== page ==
I’m a pretty big military history buff myself, and one of my favorite war heroes of all time is Sergeant Alvin C. York. In case you’ve never heard of this remarkable man before, I would like to share a few quick facts about him.
About Sergeant Alvin C. York
- He was born on December 13, 1887 in Pall Mall, Tennessee
- He was the third of 11 children
- Sergeant York enlisted in the Army on June 5th, 1917 (World War 1)
- He was an Infantryman, serving with Company G, 328th Infantry Regiment, 82nd Infantry Division
- He was one of the most decorated Soldiers of World War 1
- Some of his awards include the Congressional Medal of Honor, Distinguished Service Cross, Legion of Honor (France), Croix de Guerre (France), Corce de Guerra al Merito (Italian) and War Medal (Montenegro)
- After the war, he became a war hero when the Saturday Evening Post ran a story of what he did to earn the Medal of Honor
- He retired from the Tennessee State Guard as a Colonel
Sergeant York Medal of Honor Citation
“After his platoon had suffered heavy casualties and 3 other non-commissioned officers had become casualties, Cpl. York assumed command. Fearlessly leading 7 men, he charged with great daring a machine-gun nest which was pouring deadly and incessant fire upon his platoon. In this heroic feat the machine-gun nest was taken, together with 4 officers and 128 men and several guns.”
Quick Facts About His Personal Life
Here are a few facts about Sergeant York’s personal life, after the war.
- He and his wife had 8 children, all of whom were named after famous people
- He refused many offers to profit from his fame
- He formed the Alvin C. York Foundation to create educational opportunities for people in his local area
- When WW2 came about, he tried to enlist, but was denied. Instead, he was offered a commission as a Major in the Signal Corps
- In 1940, he finally let the press create a movie about his war efforts in WW1. That movie “Sergeant York” won two Academy Awards and starred Gary Cooper
- He was a life long Democrat
- He had seven buildings named after him
- He died on September 2nd, 1964
- He is buried with his wife at Wolf River Cemetery in Pall Mall, Tennessee
Books and Movies about Alvin C. York
There are some great books and movies written about Sergeant York. Listed below are a few of my favorites. All of these books and films are worth checking out. I think you could learn a lot from studying Alvin C. York’s military career and life.
Alvin C. York Video
In summary, Sergeant Alvin C. York is a true American hero. Not only did he accomplish amazing things during WW1, but he lived a very philanthropic lifestyle, helping organizations and causes he believed in. Although he has been gone for almost 50 years now, his spirit lives on!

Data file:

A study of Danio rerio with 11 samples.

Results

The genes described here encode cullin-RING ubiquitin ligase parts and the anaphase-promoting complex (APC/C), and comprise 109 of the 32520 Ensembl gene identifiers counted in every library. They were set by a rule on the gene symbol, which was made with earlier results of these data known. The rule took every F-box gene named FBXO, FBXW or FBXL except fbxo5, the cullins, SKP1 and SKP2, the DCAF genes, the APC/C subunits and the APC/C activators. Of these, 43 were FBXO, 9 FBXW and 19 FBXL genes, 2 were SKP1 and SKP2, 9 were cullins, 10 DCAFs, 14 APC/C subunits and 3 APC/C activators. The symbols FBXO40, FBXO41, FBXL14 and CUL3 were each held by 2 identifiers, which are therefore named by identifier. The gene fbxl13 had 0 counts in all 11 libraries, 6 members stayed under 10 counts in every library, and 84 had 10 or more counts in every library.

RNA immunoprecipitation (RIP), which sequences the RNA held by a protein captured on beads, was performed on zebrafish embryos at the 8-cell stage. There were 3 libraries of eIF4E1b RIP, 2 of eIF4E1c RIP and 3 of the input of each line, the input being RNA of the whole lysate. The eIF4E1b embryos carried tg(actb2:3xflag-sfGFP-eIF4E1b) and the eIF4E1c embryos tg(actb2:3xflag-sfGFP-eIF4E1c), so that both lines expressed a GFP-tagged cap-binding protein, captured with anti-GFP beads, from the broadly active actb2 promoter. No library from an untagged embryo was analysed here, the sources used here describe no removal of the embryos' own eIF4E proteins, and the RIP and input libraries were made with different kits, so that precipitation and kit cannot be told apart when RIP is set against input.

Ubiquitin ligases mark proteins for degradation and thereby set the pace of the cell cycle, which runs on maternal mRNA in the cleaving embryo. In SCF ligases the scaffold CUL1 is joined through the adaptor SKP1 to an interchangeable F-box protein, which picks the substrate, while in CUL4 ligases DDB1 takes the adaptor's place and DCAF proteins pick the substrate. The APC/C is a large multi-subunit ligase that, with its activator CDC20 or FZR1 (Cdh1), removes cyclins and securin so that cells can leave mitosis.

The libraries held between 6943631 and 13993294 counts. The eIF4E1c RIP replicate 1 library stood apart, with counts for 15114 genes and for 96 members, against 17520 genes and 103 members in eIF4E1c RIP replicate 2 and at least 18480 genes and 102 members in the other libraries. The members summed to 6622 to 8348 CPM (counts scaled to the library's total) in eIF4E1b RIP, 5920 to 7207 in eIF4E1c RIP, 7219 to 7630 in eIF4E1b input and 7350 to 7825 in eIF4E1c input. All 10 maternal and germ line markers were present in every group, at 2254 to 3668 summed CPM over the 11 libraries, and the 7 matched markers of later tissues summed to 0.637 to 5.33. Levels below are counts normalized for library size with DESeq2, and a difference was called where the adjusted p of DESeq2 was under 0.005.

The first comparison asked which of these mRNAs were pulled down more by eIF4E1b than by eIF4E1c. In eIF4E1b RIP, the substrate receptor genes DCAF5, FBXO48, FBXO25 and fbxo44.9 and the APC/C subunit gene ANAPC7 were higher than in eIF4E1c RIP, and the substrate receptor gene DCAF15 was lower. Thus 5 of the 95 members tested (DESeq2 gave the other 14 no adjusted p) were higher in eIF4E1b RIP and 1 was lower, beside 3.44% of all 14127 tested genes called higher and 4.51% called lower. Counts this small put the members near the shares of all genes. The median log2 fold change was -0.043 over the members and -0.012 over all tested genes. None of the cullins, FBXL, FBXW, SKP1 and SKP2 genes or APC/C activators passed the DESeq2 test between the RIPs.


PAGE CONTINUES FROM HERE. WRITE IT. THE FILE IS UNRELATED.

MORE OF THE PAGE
Other posts you may enjoy:
- Camp Upton New York: 10 Cool Facts
- The Top 7 World War I Movies of All Time
- 307th Infantry Regiment: Top 7 Cool Facts
- Honorable Immigrants: World War I
- The 82nd Airborne: 22 Cool Facts
What an interesting person and a great example of what it means to stand up for your beliefs and rise to the occasion. If I remember what I’ve read about Sergeant York correctly, he was very much opposed to war. However, he understood its necessity and he followed his new found vocation as a soldier with unwavering courage and honor. Thank you for adding some books to my reading list!
While in school I learned a little bit about Sergeant Alvin C. York, but have long forgotten about his remarkable existence and achievements. I do recall our class watching the film Sergeant York and discussing at great lengths about his leadership and dedication to our country. It is very admirable that he did not want to flaunt all of his achievements to the world through movies and such. He seemed to be a very prideful and private man who just wanted to serve and do the right thing for his country. Remarkable and really great to think about! Thanks for sharing about Sgt. York!
He was definitely an amazing man and Soldier. His legacy lives on today!
If I recall the movie correctly, I think York started out in a medical MOS (or whatever they were called at that time) because he was a conscientious objector due to his religious beliefs. It seems I recall his having a conversation with an officer about killing in warfare and the morality of it that changed his way of thinking. That made it all the more ironic that he accomplished such an awesome achievement in combat.
I don’t remember him being a medical soldier at any point, but in either case, he turned out to be one heck of an infantryman!
I remember my dad talking about Sgt. York and the criticism that came from the movie “Sergeant York.” While he was portrayed as a hero in the Battle of Argonne Forest, reportedly a few of his former troops thought him more of a coward; however, the little bit that I have read about him reveals quite the opposite. In fact, his diary is purported to be quite modest in recording his part in the victory. York was, after all, a humble country boy from Tennessee (I think that’s why my dad liked him so much, for he was a country boy from Virginia) and valued simplicity. It is my sense that there was some jealousy because of his heroic endeavors, setting the stage for criticism when the movie was released.
This guy is a legend in my opinion . No one is perfect and most of us will never know what really happened during the battle.